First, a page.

PhotoDNA is primarily used in the identification of child pornography, and works by computing a unique hash that represents the image. This hash is computed such that it is resistant to alterations in the image, including resizing and minor color alterations.[1] It works by converting the image to black and white, resizing it, breaking it into a grid, and looking at intensity gradients or edges.[2]

It is used with Microsoft's own services Bing and OneDrive,[3] as well as by Google Gmail, Twitter,[4] Facebook,[5] Adobe Systems,[6] Reddit[7] and the National Center for Missing & Exploited Children,[8] to whom Microsoft donated the technology.

Microsoft donated the PhotoDNA technology to Project VIC, managed and supported by the International Centre for Missing & Exploited Children (ICMEC). Project VIC is an image and video hash-sharing initiative that streamlines investigative workflows and narrows the focus of child pornography law enforcement investigations by filtering the material investigators find on offenders’ computers.[9][10][11][12] Project VIC uses the technology to create a "fingerprint" that can be used to uniquely identify an individual photo.[9][12][13] Using robust hash sets, the technology allows law enforcement to determine which images retrieved have already been identified, and are part of the Project's database of millions of digital hashes of child pornography, enabling detectives to focus on those that are new children waiting to be located and recovered.[11][14] The technology also assists online service providers, by helping them detect child sexual abuse images shared on their sites, and block their continued dissemination.[13][15][16]

In December 2014, Microsoft also made PhotoDNA available to qualified organizations as a free cloud service through the Azure Marketplace.[17]

In late 2015, Farid completed improvements to the software which now make it capable of analyzing video and audio files besides still images.[citation needed] In 2016, Hany Farid proposed that the technology could be used to stem the spread of terror-related imagery, but there was little interest shown initially by social media companies.[18] In December 2016, Facebook, Twitter, Google and Microsoft announced plans to use PhotoDNA to tackle extremist content such as terrorist recruitment videos or violent terrorist imagery,[19] which was done e.g. to automatically remove al-Qaeda videos.[20]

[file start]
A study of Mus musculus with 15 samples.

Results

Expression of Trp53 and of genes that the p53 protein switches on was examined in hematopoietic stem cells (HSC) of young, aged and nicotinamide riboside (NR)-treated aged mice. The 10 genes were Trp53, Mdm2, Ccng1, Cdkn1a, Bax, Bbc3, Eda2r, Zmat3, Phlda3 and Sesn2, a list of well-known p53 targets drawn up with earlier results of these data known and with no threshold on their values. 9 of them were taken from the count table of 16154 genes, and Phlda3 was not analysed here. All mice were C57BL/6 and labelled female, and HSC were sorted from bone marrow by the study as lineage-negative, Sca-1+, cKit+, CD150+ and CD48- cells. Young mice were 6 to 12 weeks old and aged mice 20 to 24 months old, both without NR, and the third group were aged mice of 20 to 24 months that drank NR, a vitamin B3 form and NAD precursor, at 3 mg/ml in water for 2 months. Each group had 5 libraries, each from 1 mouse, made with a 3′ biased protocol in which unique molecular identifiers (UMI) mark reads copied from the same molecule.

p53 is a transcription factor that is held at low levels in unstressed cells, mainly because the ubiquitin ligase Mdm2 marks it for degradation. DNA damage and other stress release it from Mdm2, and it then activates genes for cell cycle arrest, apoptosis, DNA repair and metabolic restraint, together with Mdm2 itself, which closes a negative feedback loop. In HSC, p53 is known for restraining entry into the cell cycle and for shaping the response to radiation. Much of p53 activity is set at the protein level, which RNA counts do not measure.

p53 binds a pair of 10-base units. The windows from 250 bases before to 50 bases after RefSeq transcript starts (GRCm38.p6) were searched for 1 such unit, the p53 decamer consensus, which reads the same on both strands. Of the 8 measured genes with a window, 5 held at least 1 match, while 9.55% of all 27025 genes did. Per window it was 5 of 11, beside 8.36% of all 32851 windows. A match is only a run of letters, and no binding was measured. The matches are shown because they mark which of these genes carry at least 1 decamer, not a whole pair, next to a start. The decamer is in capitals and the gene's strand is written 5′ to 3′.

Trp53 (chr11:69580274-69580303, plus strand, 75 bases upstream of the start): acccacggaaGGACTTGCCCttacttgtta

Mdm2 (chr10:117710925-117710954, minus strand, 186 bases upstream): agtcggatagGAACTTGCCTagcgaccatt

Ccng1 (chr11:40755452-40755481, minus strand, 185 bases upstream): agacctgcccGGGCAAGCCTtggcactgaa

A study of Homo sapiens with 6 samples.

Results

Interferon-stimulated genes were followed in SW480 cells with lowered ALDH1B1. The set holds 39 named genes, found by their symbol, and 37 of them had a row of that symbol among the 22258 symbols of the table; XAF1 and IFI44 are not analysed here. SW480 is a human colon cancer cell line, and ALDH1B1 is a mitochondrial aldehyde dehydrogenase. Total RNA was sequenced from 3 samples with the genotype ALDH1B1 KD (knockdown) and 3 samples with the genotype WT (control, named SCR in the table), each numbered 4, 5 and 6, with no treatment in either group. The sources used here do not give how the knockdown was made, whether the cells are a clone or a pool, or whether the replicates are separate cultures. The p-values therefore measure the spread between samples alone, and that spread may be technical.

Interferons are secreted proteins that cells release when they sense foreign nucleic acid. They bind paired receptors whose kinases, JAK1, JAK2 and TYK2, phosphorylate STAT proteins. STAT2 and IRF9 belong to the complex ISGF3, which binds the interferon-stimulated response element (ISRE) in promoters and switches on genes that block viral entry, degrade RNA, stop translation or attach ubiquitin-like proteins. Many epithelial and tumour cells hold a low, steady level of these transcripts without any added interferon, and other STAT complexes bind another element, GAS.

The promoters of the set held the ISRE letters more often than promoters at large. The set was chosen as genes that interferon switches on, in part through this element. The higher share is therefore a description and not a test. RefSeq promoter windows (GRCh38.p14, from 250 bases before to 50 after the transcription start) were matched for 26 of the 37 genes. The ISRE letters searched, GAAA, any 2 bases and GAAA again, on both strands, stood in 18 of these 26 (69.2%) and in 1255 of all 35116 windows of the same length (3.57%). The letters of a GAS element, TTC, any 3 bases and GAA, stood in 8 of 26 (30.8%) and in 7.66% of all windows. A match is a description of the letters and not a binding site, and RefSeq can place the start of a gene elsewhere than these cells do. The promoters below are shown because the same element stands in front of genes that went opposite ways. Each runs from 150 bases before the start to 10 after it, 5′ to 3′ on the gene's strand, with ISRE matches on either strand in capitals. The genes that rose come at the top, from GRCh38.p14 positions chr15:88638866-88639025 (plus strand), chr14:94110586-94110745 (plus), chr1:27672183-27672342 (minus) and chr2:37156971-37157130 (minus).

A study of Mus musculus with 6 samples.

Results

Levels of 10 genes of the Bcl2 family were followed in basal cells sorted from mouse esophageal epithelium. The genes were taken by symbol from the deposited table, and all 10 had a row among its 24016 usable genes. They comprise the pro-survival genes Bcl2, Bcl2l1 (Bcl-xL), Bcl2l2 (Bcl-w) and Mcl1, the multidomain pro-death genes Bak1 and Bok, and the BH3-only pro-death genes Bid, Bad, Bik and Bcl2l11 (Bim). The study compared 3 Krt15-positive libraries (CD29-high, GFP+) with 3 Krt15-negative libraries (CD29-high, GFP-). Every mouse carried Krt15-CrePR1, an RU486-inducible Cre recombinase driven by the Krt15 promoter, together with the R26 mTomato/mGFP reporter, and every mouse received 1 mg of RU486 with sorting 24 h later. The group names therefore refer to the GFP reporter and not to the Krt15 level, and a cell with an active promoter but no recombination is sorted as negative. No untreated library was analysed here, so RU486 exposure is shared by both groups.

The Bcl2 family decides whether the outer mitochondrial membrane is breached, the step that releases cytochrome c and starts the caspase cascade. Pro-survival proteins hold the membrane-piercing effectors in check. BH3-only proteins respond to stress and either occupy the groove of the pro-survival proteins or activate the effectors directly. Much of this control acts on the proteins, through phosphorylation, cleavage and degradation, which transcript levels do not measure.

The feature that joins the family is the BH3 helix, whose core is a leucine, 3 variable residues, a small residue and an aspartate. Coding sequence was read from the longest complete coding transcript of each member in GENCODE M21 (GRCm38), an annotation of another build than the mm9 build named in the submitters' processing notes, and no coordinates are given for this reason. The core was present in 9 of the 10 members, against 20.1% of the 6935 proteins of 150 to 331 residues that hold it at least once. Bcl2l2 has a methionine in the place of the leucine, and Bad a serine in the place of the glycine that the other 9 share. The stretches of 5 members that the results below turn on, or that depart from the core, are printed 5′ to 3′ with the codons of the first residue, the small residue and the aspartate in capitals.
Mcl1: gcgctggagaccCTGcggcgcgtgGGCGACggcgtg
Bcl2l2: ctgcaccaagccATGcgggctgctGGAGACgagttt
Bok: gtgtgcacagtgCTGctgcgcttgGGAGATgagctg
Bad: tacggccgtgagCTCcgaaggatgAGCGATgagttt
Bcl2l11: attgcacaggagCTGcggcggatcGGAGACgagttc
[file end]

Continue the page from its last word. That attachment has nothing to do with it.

1. ^ a b "New Technology Fights Child Porn by Tracking Its "PhotoDNA"". Microsoft Corporation. Retrieved September 9, 2016.
  2. ^ "Photo DNA: Step by step". Microsoft. Archived from the original on September 21, 2013. Retrieved February 11, 2014.
  3. ^ "Unfortunate Truths about Child Pornography and the Internet [Feature]".
  4. ^ Arthur, Charles (July 22, 2013). "Twitter to introduce PhotoDNA system to block child abuse images". The Guardian. Retrieved July 22, 2013.
  5. ^ Smith, Catharine (May 2, 2011). "Facebook Adopts Microsoft PhotoDNA To Remove Child Pornography". Huffington Post. Retrieved July 22, 2013.
  6. ^ "Adobe & PhotoDNA". Archived from the original on February 22, 2018.
  7. ^ "Reddit use PhotoDNA to prevent child pornography". March 19, 2020.
  8. ^ Salcito, Anthony (December 17, 2009). "Microsoft donates PhotoDNA technology to make the Internet safer for kids". Retrieved July 22, 2013.
  9. ^ a b "New Video Fingerprinting Technology Created to Remove Child Pornography Online". MarketWatch. April 30, 2014.
  10. ^ William Jackson (August 27, 2014). "Improved image analysis tools speed exploited children cases". GCN.
  11. ^ a b "New Fingerprinting Technology to Remove Child Pornography Online"[permanent dead link], Friend Media Technology Systems
  12. ^ a b Liat Clark (April 30, 2014). "Child abuse-tracking tech donated to the world". Wired UK.
  13. ^ a b "Microsoft's response to the consultation on the European Commission Communication on the Rights of the Child (2011–2014)" (PDF). Archived from the original (PDF) on October 24, 2017., European Commission
  14. ^ Mark Ward (March 23, 2014). "Cloud-based archive tool to help catch child abusers". BBC News.
  15. ^ Reinhard Eher; Leam A. Craig; Michael H. Miner; Friedemann Pfäfflin (2011). International Perspectives on the Assessment and Treatment of Sexual Offenders: Theory, Practice and Research. John Wiley & Sons. p. 514. ISBN 1119996201.
  16. ^ Marcia Lattanzi-Licht; Kenneth Doka (2004). Living with Grief: Coping with Public Tragedy. Routledge. p. 317. ISBN 1135941513.
  17. ^ "PhotoDNA Cloud Service". Microsoft Corporation. Retrieved February 19, 2015.
  18. ^ Waddell, Kaveh (June 22, 2016). "A Tool to Delete Beheading Videos Before They Even Appear Online". The Atlantic. Retrieved September 10, 2016.
  19. ^ "Partnering to Help Curb Spread of Online Terrorist Content | Facebook Newsroom". Retrieved December 6, 2016.
  20. ^ Richard Allan of Facebook (June 18, 2018). "Hearing at 11:14". in "The EU's horizontal regulatory framework for illegal content removal in the DSM".